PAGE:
2000 Dodge Stratus stock injector size

Tiny
JORDAN721
  • MEMBER
  • 2000 DODGE STRATUS
  • 2.4L
  • 4 CYL
  • FWD
  • AUTOMATIC
  • 130 MILES
I have a 2000 dodge stratus se with a 2.4 liter in it. I cant figure out the size of the stock injectors. Ive looked all over the internet and nothing can give me a straight answer. I need the size in CC

CARADIODOC
  • EXPERT
That isn't how they're rated because they don't flow continuously. They are pulsed on and off with "pulse-width modulation" meaning they're on or off, like a light switch. The Engine Computer varies the on to off times to vary the average mixture.

The closest you're going to get to your answer is to do a search for Jim Linder in Indianapolis. He puts on very high-level classes around the country on fuel systems, and even he never talks about volume except that his company specializes in matching the flow rates of injectors. GM has a big problem with mismatched injectors. Chrysler has no problem because they buy theirs in flow-matched sets from Bosch.

If you were able to find injectors with different flow rates than what your engine calls for, you'll simply get too much or too little fuel at first, but once the engine reaches around 160 degrees the oxygen sensor readings are added to the fuel metering calculations, and the computer will just change how long it holds the injectors open. It will see that it has to keep on making the same "short-term fuel trim" (STFT) corrections each drive cycle so it will move those numbers to the "long-term fuel trim" (LTFT) memory and use those for fuel metering in the future. That ability to adapt is why we never need to worry about getting the right injectors to get the right fuel / air mixture. All we care about is that they all flow the same rate at the same fuel pressure and intake vacuum.
Tiny
JORDAN721
Tiny
JORDAN721
Tiny
CARADIODOC
  • EXPERT
What are you trying to accomplish? Installing injectors with a higher flow rate doesn't mean more fuel will go into the engine. Your fuel pump pumps a couple of gallons per minute but that doesn't mean it all goes into the engine either. You are limited by the volume of the cylinders. Adding more fuel than what is needed to achieve the correct mixture will just increase emissions and waste fuel. You can't get any power from fuel that doesn't have oxygen to go with it.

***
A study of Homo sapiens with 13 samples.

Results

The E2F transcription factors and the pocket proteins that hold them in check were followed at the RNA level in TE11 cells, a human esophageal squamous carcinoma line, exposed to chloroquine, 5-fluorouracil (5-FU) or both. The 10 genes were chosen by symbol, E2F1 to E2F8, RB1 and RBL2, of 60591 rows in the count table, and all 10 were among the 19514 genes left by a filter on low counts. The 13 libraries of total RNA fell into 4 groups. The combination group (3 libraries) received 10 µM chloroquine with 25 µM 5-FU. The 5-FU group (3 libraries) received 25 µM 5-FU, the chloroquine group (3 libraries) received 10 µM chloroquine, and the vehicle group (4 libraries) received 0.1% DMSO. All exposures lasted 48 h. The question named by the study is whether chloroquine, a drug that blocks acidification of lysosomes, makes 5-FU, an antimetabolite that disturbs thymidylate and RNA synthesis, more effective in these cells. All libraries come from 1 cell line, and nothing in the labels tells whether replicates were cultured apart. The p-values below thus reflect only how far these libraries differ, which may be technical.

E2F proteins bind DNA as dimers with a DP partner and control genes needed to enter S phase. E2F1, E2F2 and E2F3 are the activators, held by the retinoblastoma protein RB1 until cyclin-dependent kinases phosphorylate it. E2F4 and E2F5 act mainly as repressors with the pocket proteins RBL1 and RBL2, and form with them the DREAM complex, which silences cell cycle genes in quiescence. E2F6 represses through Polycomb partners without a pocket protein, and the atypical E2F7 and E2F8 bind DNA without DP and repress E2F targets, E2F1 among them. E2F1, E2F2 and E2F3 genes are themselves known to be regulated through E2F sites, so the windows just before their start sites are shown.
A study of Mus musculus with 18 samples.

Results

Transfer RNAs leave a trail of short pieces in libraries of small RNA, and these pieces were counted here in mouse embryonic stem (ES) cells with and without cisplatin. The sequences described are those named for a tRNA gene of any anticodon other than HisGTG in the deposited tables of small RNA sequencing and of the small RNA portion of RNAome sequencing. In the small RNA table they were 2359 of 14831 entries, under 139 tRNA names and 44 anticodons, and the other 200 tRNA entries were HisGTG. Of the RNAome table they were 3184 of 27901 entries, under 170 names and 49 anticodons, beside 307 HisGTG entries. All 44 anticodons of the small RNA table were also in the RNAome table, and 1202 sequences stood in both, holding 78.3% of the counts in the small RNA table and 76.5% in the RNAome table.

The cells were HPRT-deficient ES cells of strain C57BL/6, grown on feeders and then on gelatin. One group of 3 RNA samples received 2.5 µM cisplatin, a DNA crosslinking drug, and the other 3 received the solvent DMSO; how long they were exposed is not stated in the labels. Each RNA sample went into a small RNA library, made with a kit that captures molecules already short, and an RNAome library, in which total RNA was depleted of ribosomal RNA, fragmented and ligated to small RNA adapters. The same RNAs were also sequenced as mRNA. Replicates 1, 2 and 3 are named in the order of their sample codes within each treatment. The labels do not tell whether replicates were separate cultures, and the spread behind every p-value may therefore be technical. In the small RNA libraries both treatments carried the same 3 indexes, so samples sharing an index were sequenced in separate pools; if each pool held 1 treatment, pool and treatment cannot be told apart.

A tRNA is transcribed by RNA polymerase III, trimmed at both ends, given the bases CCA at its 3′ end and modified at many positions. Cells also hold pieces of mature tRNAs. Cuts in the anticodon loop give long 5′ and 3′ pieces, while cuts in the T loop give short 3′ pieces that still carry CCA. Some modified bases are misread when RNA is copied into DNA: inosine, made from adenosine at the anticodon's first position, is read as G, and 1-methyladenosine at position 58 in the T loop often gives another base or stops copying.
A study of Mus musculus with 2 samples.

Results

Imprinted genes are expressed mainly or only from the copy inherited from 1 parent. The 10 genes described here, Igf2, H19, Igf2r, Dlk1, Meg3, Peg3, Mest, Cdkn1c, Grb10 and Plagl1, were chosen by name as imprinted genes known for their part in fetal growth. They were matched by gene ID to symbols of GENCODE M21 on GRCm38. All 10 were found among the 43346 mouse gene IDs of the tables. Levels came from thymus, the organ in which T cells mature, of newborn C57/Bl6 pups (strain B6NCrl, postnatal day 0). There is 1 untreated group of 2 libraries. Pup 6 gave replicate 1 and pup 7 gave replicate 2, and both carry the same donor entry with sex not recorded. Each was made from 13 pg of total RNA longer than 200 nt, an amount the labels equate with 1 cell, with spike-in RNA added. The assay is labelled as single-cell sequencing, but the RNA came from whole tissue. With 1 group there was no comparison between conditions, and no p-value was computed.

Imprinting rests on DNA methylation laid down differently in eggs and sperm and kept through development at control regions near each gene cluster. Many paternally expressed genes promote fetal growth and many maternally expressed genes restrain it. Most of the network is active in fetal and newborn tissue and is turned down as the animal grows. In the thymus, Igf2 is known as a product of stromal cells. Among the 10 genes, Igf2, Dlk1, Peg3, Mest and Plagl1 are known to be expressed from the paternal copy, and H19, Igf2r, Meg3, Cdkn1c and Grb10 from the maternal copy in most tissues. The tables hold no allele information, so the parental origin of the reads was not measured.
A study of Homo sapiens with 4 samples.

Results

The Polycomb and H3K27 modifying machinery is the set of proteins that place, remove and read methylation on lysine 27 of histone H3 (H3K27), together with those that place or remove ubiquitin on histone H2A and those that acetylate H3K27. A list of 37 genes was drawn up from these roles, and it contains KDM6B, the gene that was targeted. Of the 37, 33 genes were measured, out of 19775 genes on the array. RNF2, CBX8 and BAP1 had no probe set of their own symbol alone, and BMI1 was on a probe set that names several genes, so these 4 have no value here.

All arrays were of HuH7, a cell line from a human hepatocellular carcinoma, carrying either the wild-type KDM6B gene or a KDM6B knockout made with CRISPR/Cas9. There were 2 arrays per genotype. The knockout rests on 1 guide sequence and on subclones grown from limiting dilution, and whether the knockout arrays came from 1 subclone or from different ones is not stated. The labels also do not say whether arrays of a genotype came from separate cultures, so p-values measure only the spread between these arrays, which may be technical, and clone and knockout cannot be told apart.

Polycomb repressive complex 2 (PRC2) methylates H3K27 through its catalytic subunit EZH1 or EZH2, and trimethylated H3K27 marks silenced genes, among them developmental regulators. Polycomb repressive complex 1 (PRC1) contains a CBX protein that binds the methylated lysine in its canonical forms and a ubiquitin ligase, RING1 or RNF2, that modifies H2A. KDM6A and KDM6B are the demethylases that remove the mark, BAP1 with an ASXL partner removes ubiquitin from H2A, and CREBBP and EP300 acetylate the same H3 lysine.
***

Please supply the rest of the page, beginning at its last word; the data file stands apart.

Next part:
The Engine Computer pulses the injectors on for a very specific period of time, then it turns them back off. It pulses them once for each intake stroke. The length of that pulse is so short that they have time to turn off even at the highest engine speeds. The only time the length of that pulse width changes is when a richer mixture is desired for heavy acceleration or when the computer makes adjustments as necessary to maintain the proper mixture. Just because you have injectors that are capable of flowing more fuel, doesn't mean you will get more fuel. The computer will see the rich condition and just pulse the injectors on for a shorter period of time.

There is a limit too to how quickly the injectors can be cycled. It takes a lot of electrical energy to unseat the valves against the strong fuel pressure that is holding them closed. It takes time to move that mass and to move it back to its seated position. If a real lot of fuel sprays in and the computer is unable to cycle it fast enough, it will lose control of fuel metering. Too much raw fuel in the exhaust system will overheat the catalytic converters and melt the catalyst. That will result in a blocked exhaust system. You'll also get diagnostic fault codes for "running too rich too long". The Check Engine light will turn on so you'll never know if a totally different problem is detected. Many of those are very minor but can turn into serious problems very quickly if they're ignored.

There is also a limit to how much control the computer has when pulsing the injectors. The minimum length of the injector pulse width is designed in to cover any possible condition, but based on the injectors that were designed for that engine.

Even in NASCAR where they're running fuel injection now, they know that bigger is not better when it comes to injectors. Their injectors are very similar to what is already in your engine. Of course they want more power, but again, there is nothing they can do with more fuel if there isn't more air in the cylinders.